Wednesday, 7 December 2016

What is a holistic education? (Krishnamurti)

This is based on Krishnamurti's first talk with teachers at the Rishi Valley in December 1985, which can also be read in the book of his final talks The Future is Now.

What follows is a short summary. The responses from the teachers in green have been improved in places by contributions from Yahoo Answers. 

What is a holistic education?

If you were given the task to educate a child, not just in Maths or English, but in order to bring about a holistic life, how would you do it? Through what means, what kind of attitude, what kind of verbal explanation could you bring about a way of living which is whole and unbroken, not fragmented in specializations as many of our lives are.

Wholeness means goodness, not in the ordinary sense of a good boy, a good husband, that's all very limited, but in the sense of being extraordinarily generous, not wanting to cause harm, in a sense which is as correct now as in a hundred years. Because it does not depend on circumstances, it is always correct. It applies just as much to one child as to the whole school. From that comes right action. So goodness and a holistic way of living go together.

We must first be holistic ourselves. We have to make the child feel secure in his relationship by creating a caring environment with clear boundaries. We must be a role model and teach by example. A child may go through ups and downs of emotional turbulence of anger or over-excitement, and we may do too, but as a teacher, we must leave our own emotional turbulence at home in order to provide consistency and stay rational in the face of difficulties, so the child knows what to expect and can follow our example instead of getting caught up by their emotions. Thus, we can teach them how to make the best when things go badly, and not let things slip when things go well. 

Exactly! If you are fragmented, and you make a problem of it, the result is only more fragmentation. Nor can you wait until you are holistic yourself, because that could take an eternity. The child is waiting to be educated now.

There is nothing to be done except watching, observing.

You have already come to a conclusion. You do not put yourself in that position. What's the relationship between you and the boy?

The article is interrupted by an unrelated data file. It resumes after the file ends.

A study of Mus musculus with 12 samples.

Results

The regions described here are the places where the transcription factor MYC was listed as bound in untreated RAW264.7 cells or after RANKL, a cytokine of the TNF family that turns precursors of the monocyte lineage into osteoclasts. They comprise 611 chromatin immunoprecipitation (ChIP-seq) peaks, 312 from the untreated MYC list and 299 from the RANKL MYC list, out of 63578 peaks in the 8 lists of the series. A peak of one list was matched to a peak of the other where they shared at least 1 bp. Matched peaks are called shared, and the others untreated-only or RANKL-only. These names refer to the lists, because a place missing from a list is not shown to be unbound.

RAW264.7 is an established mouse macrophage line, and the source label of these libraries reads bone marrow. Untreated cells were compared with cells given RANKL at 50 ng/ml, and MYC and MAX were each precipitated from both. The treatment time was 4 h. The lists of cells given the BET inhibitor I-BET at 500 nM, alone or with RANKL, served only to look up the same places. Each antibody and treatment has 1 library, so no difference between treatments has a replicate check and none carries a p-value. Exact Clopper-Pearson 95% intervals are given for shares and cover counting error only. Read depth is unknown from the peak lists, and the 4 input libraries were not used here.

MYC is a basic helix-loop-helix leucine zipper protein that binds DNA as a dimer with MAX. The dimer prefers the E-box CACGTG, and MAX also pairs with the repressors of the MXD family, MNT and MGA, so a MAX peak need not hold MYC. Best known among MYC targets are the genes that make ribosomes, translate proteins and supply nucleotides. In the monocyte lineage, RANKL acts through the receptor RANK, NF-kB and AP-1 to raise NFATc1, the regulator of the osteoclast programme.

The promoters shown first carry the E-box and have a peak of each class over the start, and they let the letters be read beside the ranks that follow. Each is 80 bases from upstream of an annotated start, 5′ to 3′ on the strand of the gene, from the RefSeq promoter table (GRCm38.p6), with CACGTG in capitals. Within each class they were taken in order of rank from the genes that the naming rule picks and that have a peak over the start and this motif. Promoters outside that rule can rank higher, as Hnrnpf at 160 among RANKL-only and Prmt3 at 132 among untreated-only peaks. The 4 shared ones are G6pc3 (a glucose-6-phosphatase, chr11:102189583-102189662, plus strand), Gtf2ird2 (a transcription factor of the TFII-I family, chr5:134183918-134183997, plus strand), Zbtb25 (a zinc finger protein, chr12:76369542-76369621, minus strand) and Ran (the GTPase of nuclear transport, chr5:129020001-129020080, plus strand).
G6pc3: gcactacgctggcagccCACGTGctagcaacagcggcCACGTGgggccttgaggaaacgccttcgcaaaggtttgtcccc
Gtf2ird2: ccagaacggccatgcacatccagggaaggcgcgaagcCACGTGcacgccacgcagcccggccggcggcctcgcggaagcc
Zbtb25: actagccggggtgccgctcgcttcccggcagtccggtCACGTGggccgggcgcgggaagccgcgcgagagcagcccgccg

We are learning together. I am not different from him.

Of course you are different from him — you teach Maths, he doesn't know any.

We must not over-shelter the child, relinquishing the need to be in charge and allow children to make their own choices and build character through adventure, difficulty and boredom, and also to give them space and time to contemplate and grow. Let the child win some arguments, but choose which ones wisely! Physical activities such as walks, raking leaves, doing chores, moving furniture help to burn off surplus energy and focus it more positively. Through consistency, trust and integration, with smooth interfaces instead of rigid systems, instead of action and reaction, sanctions and rewards, we can instead show patience, elasticity and empathy. Boundaries must be firm where needed, but established with love and compassion and mutual respect, not push/pull, expect, put down.

Love, compassion, that's the only thing that's holistic. Love isn't thought. Love isn't pleasure. Love is utterly unrelated to hate, jealousy, anger and all that. It is whole and it has its own intelligence. Don't just accept this. It cannot be known. To say I know you is to limit you within thought. So when I am given the task of educating this boy or girl, what should I do? I know one thing absolutely for certain: I don't know, and I'm not just waiting for someone to come along and tell me what to think. Then, all my inventions, all my thinking have collapsed, so the brain is open for reception. The brain is closed by conclusion, by judgment, by opinion, but when I say, I really don't know, then I've broken the closed bottle — I can drink the champagne. I begin to find out what love is, what compassion is, and that intelligence that's born of compassion. 

The brain is like a drum; it's all tuned up. When you strike it, it gives the right note.

Painting: Boy Sailing a Little Boat by Francis Danby.

Shared originally on Buddhist Travellers in 2011.